Public Release: 

KSU's Marsden Briefs Congress On Research

Food Safety Consortium

Citing the progress made in food safety research in recent years, Dr. James Marsden of Kansas State University recently suggested to Congress ways to streamline the evaluation of new technologies. Marsden told a congressional committee that the approval process for new pathogen controlling technologies would be made more efficient through the use of pilot plants.

Marsden, the Regents Distinguished Professor of Meat Science at KSU, was one of four Food Safety Consortium researchers who testified before the House Livestock, Dairy and Poultry Subcommittee. Other Consortium researchers who appeared before the committee were Dr. Randall Phebus, KSU assistant professor of food microbiology; Dr. Jim Dickson, associate professor of food science at Iowa State University, and Dr. Dennis Olson, director of the ISU Utilization Center for Agricultural Products.

Marsden traced the recent history of efforts to eliminate pathogenic bacteria such as E. coli O157:H7 in meat processing. In most cases, Marsden said, the U.S. Department of Agriculture, industry and academic institutions have worked together in scientific research projects to secure the necessary approval. But in some cases the cooperation has been lacking, he said.

"If a particular technology is controversial, the process moves very slowly or not at all," Marsden said. "I recommend that the process of approval could be streamlined and made less controversial if the model for evaluation of new technologies that we have adopted at Kansas State University were applied universally."

Marsden described the model as a controlled pilot plant environment in which a particular technology is validated. The meat product is inoculated with E. coli O157:H7 and other pathogens. If the technology successfully eliminates the pathogens, it is verified in full-scale plant trials under normal processing conditions without inoculating the meat.

"My experience has been that when this inclusive approach is taken, support from consumer groups, labor groups and industry trade associations has helped the USDA regulatory approval process proceed smoothly," Marsden said.

The USDA announced in 1994 a new policy declaring any level of E. coli O157:H7 in raw ground beef to be an adulterant. That policy, in combination with the USDA policy of zero tolerance for physical defects on raw meat, has given impetus to technological advances that allow beef packers and processors to control the pathogen.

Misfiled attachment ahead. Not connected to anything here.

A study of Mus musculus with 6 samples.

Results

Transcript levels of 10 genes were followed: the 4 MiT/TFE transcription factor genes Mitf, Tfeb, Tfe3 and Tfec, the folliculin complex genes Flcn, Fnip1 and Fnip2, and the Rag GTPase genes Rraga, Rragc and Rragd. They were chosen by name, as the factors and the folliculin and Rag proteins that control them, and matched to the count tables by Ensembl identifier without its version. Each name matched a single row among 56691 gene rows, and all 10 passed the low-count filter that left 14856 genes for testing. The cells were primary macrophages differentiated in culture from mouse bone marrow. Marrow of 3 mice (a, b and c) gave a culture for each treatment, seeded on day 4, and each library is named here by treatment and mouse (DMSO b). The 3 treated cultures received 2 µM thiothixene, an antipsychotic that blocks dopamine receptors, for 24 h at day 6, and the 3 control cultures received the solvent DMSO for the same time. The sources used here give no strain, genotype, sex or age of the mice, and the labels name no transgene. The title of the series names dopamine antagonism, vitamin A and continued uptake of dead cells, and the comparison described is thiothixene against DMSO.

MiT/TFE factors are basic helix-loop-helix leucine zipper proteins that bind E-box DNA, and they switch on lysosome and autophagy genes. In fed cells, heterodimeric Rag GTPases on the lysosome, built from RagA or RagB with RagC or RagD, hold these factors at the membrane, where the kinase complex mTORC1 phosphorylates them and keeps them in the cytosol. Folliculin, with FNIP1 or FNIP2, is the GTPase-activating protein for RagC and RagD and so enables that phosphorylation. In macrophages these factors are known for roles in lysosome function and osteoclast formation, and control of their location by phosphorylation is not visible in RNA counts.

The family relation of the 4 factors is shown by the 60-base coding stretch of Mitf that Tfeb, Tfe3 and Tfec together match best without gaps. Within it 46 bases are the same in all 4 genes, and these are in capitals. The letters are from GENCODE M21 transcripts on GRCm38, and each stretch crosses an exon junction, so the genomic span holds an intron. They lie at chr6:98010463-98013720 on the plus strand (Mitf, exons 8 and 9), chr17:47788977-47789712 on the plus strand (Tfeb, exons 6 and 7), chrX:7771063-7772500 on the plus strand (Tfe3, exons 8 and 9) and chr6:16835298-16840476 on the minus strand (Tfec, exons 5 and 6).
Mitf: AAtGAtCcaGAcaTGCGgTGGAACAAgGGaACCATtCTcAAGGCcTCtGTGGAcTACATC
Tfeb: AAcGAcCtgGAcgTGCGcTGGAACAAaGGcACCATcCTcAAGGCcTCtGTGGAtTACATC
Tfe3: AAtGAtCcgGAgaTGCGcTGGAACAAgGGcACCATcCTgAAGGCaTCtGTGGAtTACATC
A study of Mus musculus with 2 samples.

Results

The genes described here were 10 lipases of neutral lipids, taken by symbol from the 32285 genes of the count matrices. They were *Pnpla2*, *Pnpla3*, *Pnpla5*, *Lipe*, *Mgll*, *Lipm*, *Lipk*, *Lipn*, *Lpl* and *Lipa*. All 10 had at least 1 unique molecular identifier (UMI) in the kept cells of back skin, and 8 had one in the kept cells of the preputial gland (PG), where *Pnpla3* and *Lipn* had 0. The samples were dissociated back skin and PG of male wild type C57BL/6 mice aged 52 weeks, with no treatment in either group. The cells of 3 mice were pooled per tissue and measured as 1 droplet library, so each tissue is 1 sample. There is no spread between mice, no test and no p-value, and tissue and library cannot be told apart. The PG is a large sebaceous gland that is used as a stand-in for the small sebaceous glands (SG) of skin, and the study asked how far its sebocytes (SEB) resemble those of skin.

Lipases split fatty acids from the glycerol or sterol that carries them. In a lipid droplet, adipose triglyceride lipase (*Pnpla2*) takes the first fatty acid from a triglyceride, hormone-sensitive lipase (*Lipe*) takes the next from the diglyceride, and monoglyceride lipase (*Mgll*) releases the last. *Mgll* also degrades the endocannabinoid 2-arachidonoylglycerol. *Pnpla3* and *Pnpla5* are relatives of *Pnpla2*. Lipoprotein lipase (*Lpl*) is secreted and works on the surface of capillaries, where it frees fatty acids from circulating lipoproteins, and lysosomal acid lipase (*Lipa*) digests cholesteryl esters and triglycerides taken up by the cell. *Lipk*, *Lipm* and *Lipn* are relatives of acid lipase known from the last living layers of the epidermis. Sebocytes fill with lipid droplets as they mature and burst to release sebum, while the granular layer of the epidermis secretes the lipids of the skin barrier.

"The food safety infrastructure that includes the Food Safety Consortium, the Beef Check off Program, industry research and USDA's Agricultural Research Service is responsible for the major progress we have witnessed in addressing one of the most vexing food safety problems our nation has ever faced," Marsden said. "The problem of E. coli O157:H7 is not completely solved and other challenges are still with us, including the problem of Salmonella and Campylobacter in poultry and the threat of BSE."

In recounting the progress made in food safety research regarding beef, Marsden told Congress of developments on several fronts in recent years:

  • The implementation of steam pasteurization, a technology which virtually eliminates E. coli O157:H7 from the beef carcass.

  • The use of hot water, organic acids and irradiation to treat carcasses.

  • The USDA's mandate of "zero tolerance" for visible physical contamination on carcasses. The rule requires that all evidence of feces, ingesta and milk that might contaminate the meat carcass be removed prior to entering the holding coolers.

  • The USDA's approval of steam vacuuming to remove visible contamination from meat carcasses. KSU evaluated the process and found it effective in removing feces and pathogenic bacteria. It is the only approved alternative to knife trimming for removing physical contamination. Research has shown that knife trimming often spreads any bacterial contamination.

  • The development of the "multiple hurdle" approach to controlling contamination in food processing. Marsden described the system - known popularly as HACCP, for Hazard Analysis Critical Control Points - as a series of control points each capable of reducing microbiological contamination. "When taken together," Marsden said, the system "results in a process that greatly lowers the incidence of microbiological pathogens."

  • The evaluation of the effects of irradiation of meats. Marsden cited research at the University of Georgia that showed low doses of irradiation could completely control E. coli O157:H7, Salmonella and other pathogens in raw ground beef. He also pointed out that recent research at KSU showed that irradiation does not adversely affect the quality, flavor, aroma or color of beef and pork products.

The technological developments listed above are each part of the HACCP process, but Marsden emphasized that they are not intended to be clean-up procedures. "In the meat and poultry industry, like the rest of the food industry, sanitation - excellent sanitation - is a minimum requirement," Marsden said. "The technologies that are being presented at this hearing are not intended to cover up for poor sanitation. They are intended to add an element of process control that would be implemented over a base that includes standard operating procedures for sanitation and good manufacturing practices addressing such issues as employee hygiene."